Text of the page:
Soundbar speakers evolved as a compromise between improved sound (compared to tiny built-in TV speakers) and retaining the sleeker presence of a flat panel display. Sonos has further improved the design by further streamlining the form factor, offering the Sonos Playbar, a wireless streaming speaker designed for wall-mounting or positioned underneath a display. With a selection of TV shows, action movies, and favorite songs, I recently had the opportunity to put this all-in-one soundbar to a real world test to see if its beauty went beyond skin deep...
Setup: The Playbar allows for two placement options; it can hang on your wall, or it can sit on a media console below your TV, as I stationed above for review. Either way, the speaker system should blend well into most modern decors and home entertainment setups.
Sonos has fully embraced a progressive philosophy between user and device, and thus requires users to have an iOS or Android device to control music playback, via the Sonos app. The proprietary network Sonos requires users to download specific software that indexes your music library (in my case, iTunes) and provides a remote control via tablets and smartphones.
Connections: A single snug fitting detachable power cable provides power to the Playbar, while connecting your TV or cable box audio to the Playbar is simply a matter of inserting one optical cable between devices (Sonos earns points for including this cable). As a bonus the Playbar is easily programmed to be compatible with your TV remote's volume buttons, so the app isn't required to change volume levels.
You can connect the Playbar directly to your home network router with an Ethernet cable, or you can purchase the Bridge, a proprietary brain center for a whole Sonos speakers setup, so that the Playbar can playback audio wirelessly. Getting the Sonos network configured was easy and their customer support team made the experience simple and help notably friendly (I tip my hats to Sonos for providing excellent phone support).
Apartment dwellers will appreciate that the Playbar can deliver a powerful, but clean sound output ideal for boosting dialogue. The Playbar's internal amplifier and speaker array did a great job of providing clear dialogue and subtle SFX, even at lower volume settings.
Action packed films like Star Wars and 007 were also a treat to watch via the Playbar. Getting an explosive feel for SFX in a soundbar has not been my previous experience. The Playbar handles dynamics well and can responde to subtle audio cues that other soundbars may not reproduce as clearly. While I have not tried it, a 3 channel and 5.1 channel setup can be achieved by adding more wireless Sonos speakers.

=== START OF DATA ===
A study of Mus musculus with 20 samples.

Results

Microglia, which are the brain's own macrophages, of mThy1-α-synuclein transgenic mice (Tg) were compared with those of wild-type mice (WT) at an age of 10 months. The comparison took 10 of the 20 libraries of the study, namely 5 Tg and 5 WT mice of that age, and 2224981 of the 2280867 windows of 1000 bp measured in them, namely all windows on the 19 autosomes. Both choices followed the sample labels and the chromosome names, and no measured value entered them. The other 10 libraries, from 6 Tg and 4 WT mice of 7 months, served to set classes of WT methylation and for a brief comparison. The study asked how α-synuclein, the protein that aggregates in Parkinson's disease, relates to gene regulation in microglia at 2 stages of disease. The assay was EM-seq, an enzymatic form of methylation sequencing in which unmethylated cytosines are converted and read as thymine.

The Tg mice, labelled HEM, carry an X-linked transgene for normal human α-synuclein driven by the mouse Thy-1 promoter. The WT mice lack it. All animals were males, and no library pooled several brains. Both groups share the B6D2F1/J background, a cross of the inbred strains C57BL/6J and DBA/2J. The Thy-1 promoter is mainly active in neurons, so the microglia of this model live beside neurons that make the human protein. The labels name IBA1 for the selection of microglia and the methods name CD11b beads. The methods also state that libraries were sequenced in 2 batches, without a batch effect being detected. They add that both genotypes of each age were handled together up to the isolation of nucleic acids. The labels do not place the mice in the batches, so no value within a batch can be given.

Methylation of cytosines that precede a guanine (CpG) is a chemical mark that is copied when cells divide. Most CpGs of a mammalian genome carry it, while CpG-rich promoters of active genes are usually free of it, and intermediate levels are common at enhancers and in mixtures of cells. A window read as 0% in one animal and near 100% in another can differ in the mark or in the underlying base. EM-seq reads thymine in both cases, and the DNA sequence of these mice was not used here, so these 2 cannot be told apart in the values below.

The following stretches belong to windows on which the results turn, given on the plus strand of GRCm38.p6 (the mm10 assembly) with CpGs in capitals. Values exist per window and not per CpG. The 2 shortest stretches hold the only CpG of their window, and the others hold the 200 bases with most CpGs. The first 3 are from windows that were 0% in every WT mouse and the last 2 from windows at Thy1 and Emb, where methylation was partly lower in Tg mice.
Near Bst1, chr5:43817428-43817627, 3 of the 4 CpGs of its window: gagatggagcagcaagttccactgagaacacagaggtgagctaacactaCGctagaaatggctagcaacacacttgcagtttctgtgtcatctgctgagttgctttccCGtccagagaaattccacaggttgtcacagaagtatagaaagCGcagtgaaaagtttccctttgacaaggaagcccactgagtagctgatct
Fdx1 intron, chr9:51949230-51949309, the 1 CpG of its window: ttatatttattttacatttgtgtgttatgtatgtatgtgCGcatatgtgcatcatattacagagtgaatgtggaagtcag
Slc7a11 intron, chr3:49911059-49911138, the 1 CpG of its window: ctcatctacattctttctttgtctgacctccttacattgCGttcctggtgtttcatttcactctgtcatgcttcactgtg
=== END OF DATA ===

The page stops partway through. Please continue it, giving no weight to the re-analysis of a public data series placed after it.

The sound enhancement features like loudness, EQ, and speech enhancement were sometimes useful, but I mostly preferred the sound without any of those extra options engaged.
Music via Playbar: Getting the Sonos app installed onto my iPhone and MacBook was simple and painless. The Sonos customer support walked me through the entire setup process, and afterward I had the Sonos application running on my Macbook, while I used the iOS app to remotely change songs and volume settings. The app also allows simple and easy access to internet radio, even local radio stations are easily searchable.
The app is simple to navigate and selecting Artists or Albums is a snap. Since I used the Sonos Bridge, I was able to wirelessly transmit my music library to the Playbar. This proprietary network allows you to add more Sonos speaker systems for different rooms. The Sonos network works very well and responds with little delay. Even more, the Sonos network allows for full uncompressed playback of major file types from personal computers(WAV, ALAC, FLAC, AIFF), and of course MP3, WMA, AAC, OGG, and Audible. When playing music directly off your smartphone, streaming is limited to lossless and lossy file types (i.e. ALAC, FLAC, MP3).
Music playback through the Playbar is surprisingly worthwhile considering the single unit design, just don't expect the fullest imaging. Tonally the sound was fairly pleasing and the bass was tight and not overly extended. Listening to rock, jazz, and even electronica the audio came through with great control and clarity, something not always associated with soundbars.
Although the Playbar offers a clean musical sound, the stereo image still lacks the localization that two separate speakers can provide. Rather than see this a total loss, I see music through the Playbar as a great way to fill a small room with background music when space is an issue.
With all the soundbars available, Sonos has taken a unique approach with the Playbar. By combining a proprietary wireless music network and allowing simple TV integration, the Playbar satisfies many small room requirements while offering a clean tight sound that minimizes the compromise factor. If clean movie/show dialogue at any volume and seamless music integration are important to your living, I suggest auditioning the Playbar in your entertainment system.
Pros: Wall Mount or media console; excellent sound from movies and TV shows; clean and even sound with tightly controlled speaker drivers delivering precision clarity; proprietary Sonos network allows streaming of music; Sonos phone support/customer service is excellent.
Cons: A little pricey, considering the Sonos Bridge is required for wireless connectivity; stereo imaging is modest and inferior to separate speaker setup.
(Images: Sonos / Vahan Baladouni)
Apartment Therapy Media makes every effort to test and review products fairly and transparently. The views expressed in this review are the personal views of the reviewer and this particular product review was not sponsored or paid for in any way by the manufacturer or an agent working on their behalf. This specific product was provided by the manufacturer for testing and review purposes.